MILLINOCKET, Maine — They lack a final permit, but businessmen looking to build on Katahdin Avenue what would be New England’s first torrefied wood machine are beginning to hire construction workers, they said Wednesday.
Thermogen Industries LLC and The Conti Group, a contractor building the foundation of the structure that will house the $48 million machine, are advertising locally to hire 10 to 15 workers, said Scott Tranchemontagne, a spokesman for Cate Street Capital, Thermogen’s parent company.
They seek a field administrative assistant, laborers and equipment operators for the site preparation project. The work will begin this fall. Advertisements will be placed in newspapers and posted online. Applicants can also apply at conticorp.com/careers or at the Katahdin Region Higher Education Center in East Millinocket. Interviews will be held at the center.
“We chose Millinocket for the torrefied wood facility because of its proximity to northern Maine’s wood basket, but also because we care very much about helping to lift the Katahdin Region economy,” said Thermogen CEO and President Richard M. Cyr. “The site is ideally located for this type of manufacturing, and we are excited to begin the process of bringing new jobs to the area.”
The Maine Department of Environmental Protection is reviewing the project’s air permit, but issued its land development permits on Aug. 16. This allows site work to begin, agency spokeswoman Samantha Depoy-Warren said. The air permit’s issuance is expected by the end of the month.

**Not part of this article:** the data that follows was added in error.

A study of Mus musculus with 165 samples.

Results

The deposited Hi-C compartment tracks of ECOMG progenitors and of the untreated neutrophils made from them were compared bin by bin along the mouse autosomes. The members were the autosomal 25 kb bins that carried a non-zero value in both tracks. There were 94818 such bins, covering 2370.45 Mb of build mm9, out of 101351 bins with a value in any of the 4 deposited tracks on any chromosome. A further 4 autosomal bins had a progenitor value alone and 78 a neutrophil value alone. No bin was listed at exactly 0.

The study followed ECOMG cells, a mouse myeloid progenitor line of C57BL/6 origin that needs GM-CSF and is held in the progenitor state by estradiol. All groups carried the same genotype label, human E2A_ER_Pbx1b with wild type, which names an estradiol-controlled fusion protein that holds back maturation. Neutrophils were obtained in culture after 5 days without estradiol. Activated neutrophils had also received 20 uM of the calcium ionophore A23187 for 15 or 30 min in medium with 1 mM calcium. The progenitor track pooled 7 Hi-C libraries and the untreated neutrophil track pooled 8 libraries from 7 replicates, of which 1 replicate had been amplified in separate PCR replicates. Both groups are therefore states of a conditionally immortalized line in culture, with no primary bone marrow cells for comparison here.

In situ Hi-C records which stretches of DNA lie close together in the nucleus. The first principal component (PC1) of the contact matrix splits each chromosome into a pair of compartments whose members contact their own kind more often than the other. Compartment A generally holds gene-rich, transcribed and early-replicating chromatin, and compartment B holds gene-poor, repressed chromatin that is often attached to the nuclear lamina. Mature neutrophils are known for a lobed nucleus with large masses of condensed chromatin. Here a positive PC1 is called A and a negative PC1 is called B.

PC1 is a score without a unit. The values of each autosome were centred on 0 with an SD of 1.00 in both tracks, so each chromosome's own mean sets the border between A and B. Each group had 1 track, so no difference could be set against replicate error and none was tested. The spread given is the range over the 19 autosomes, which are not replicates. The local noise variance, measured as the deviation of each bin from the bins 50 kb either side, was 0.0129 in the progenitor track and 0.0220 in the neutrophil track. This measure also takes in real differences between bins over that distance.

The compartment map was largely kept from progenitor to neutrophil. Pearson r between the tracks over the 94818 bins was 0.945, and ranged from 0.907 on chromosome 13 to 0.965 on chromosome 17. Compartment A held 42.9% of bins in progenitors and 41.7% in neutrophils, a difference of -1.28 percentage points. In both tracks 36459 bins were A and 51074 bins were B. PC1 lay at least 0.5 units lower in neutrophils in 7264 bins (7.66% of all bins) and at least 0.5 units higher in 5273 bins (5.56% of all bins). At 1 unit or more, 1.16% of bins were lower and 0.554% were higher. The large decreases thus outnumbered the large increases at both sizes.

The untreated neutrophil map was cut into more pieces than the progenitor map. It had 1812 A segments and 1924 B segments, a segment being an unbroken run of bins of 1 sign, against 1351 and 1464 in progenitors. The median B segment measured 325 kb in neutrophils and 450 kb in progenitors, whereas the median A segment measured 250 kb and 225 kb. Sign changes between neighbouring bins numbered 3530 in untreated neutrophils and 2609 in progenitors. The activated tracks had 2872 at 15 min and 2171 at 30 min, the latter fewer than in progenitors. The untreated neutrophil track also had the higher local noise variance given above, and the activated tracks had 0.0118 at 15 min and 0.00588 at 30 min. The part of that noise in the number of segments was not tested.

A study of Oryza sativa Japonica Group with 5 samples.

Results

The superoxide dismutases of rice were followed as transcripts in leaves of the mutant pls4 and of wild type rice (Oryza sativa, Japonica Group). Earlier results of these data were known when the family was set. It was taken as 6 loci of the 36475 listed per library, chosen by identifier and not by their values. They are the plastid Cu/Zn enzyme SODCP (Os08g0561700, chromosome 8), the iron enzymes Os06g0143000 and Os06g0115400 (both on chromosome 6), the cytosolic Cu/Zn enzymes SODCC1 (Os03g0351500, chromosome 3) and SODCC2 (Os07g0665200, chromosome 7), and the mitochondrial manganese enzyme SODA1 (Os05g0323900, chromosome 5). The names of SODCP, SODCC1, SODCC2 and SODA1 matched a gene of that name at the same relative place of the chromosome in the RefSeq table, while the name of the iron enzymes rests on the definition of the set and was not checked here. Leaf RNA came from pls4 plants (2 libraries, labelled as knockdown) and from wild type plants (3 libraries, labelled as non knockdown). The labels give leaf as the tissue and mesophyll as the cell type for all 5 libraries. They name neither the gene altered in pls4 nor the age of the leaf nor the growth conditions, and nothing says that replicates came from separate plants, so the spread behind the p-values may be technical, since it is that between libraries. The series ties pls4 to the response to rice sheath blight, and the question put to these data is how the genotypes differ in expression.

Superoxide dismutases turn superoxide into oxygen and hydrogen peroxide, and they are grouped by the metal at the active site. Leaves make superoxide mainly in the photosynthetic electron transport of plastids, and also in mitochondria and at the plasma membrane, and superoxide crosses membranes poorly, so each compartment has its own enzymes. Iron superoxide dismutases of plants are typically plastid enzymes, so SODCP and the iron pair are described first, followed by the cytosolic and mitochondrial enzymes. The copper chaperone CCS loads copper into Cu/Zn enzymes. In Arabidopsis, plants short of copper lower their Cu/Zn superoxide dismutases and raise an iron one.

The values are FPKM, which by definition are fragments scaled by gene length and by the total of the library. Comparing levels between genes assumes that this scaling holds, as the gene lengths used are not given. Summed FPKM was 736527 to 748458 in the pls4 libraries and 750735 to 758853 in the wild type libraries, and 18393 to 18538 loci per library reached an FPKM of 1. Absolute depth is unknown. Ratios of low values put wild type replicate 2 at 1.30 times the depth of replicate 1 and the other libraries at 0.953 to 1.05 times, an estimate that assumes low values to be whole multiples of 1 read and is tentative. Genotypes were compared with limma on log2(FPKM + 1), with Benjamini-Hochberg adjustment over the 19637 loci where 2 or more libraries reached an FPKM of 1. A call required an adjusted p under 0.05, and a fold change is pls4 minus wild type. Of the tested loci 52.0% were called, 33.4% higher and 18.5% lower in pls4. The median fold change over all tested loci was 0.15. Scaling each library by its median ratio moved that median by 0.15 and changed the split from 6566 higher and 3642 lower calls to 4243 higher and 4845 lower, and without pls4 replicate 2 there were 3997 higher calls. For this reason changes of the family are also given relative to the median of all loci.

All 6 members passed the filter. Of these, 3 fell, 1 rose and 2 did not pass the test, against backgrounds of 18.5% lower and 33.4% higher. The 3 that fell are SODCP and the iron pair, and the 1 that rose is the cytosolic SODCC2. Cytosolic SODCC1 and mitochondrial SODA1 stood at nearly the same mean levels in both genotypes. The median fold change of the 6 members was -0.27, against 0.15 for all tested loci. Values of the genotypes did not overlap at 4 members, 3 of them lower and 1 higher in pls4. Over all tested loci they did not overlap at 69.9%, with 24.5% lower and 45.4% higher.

“This is right on schedule,” Depoy-Warren said Wednesday. “We are proud to play a small role in something that will bring so many jobs to a region that needs them.”
Cate Street Capital plans to open the Thermogen plant in the fall of 2013. The company’s goal: to have 25 full-time employees producing 110,000 tons of torrefied wood per year for overseas, coal-fired, power plants, primarily in Europe and the United Kingdom. The wood will help the companies reduce dangerous emissions.
According to the application, the torrefied wood chips will be transformed from wood wastes into “stable and water-resistant” pellets containing 30 percent more energy than standard wood pellets. The facility will be a major source of volatile organic compounds, producing an estimated 50 tons annually of VOCs, which according to the federal Environmental Protection Agency can cause a host of health problems.
Facilities on a list of similar major-source pollutants include the East Millinocket and Millinocket paper mills, Lincoln Paper and Tissue LLC and the Indeck biomass boiler in Enfield. All of them have scrubbers or other devices that contain or eliminate pollutant emissions or keep them within acceptable standards.
Local leaders see the plant as a tonic to the Katahdin Region economy, as manufacturing jobs such as these typically create at least four jobs indirectly for every job directly filled. The company plans to employ logging crews to gather the wood wastes and truck them to the plant for processing, then ship the finished product by rail to Searsport for embarkation.